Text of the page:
Greece will default on its debts owed to its neighbors and multilateral lending institutions and abandon the eurozone some this summer, says John Taylor, founder of the FX Concepts hedge fund.
The European Commission, the European Central Bank and the International Monetary Fund have allocated hundreds of billions of dollars for Greece, who must adhere to politically unpopular austerity measures such as spending cuts and layoffs in order to tap those funds.
Recent election results reveal a populace growing increasingly angry at the pain austerity entails, with traditional political parties garnering less than 50 percent of the votes in parliamentary elections while fringe parties gaining, throwing the leadership make up of the country into doubt.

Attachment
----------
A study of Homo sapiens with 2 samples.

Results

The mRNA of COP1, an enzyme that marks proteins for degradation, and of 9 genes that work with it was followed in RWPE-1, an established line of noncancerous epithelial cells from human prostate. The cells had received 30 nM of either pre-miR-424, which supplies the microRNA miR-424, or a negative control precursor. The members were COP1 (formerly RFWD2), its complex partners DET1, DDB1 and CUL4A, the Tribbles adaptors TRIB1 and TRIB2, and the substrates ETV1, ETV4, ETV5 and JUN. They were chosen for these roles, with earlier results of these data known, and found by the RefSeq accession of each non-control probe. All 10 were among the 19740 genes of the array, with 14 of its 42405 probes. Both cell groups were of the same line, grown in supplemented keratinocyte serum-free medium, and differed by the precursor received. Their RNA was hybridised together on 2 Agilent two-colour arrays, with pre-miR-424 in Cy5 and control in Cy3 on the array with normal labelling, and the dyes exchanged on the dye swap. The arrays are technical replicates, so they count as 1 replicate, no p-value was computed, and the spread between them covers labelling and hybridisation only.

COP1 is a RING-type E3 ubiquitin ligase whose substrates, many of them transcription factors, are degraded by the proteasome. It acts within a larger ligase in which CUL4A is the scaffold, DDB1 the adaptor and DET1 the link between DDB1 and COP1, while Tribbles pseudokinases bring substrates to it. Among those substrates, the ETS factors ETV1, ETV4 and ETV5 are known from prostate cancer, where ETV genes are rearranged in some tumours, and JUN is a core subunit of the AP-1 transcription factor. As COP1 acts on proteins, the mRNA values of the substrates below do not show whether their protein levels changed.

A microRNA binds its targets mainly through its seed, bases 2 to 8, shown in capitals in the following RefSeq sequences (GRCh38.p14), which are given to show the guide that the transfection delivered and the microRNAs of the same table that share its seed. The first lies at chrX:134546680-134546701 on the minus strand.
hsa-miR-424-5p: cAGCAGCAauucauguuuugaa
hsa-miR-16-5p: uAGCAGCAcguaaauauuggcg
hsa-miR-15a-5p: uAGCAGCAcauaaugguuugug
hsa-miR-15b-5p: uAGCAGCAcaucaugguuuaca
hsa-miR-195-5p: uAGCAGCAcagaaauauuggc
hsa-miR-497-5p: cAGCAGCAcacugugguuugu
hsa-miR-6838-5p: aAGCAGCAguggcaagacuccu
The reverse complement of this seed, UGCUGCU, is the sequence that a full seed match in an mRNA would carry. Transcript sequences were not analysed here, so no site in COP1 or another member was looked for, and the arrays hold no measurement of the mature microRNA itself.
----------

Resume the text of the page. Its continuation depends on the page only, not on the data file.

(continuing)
In just a few months, Athens will throw its hands in the air and exit the currency zone.
"This summer I think is very likely. The Europeans aren't going to give them the money, the IMF's not going to give them an okay. They will be out of money in June," Taylor tells Bloomberg TV.
Default can disrupt markets as fears persist others may be tempted to go that route.
While default ruins a country's creditworthiness, the ensuing devaluation makes exports cheaper and lays the seeds for growth once the dust settles.
Europe would be better suited to allow Greece to exit and keep the rest of the nations in, Taylor points out.
"I don't think it will be absolute chaos. I think that what will happen instead of them trying to rescue the Greeks is they're going to turn around and huddle together and say how do I help Portugal and Spain."
Politicians in Germany, the motor of the European economy, have warned Greece that failure to adhere to austerity agreements could mean no more bailout money.
"The agreements must be respected. I don't think we can or should renegotiate," says Martin Schulz, a German politician and president of the European Parliament, according to Reuters.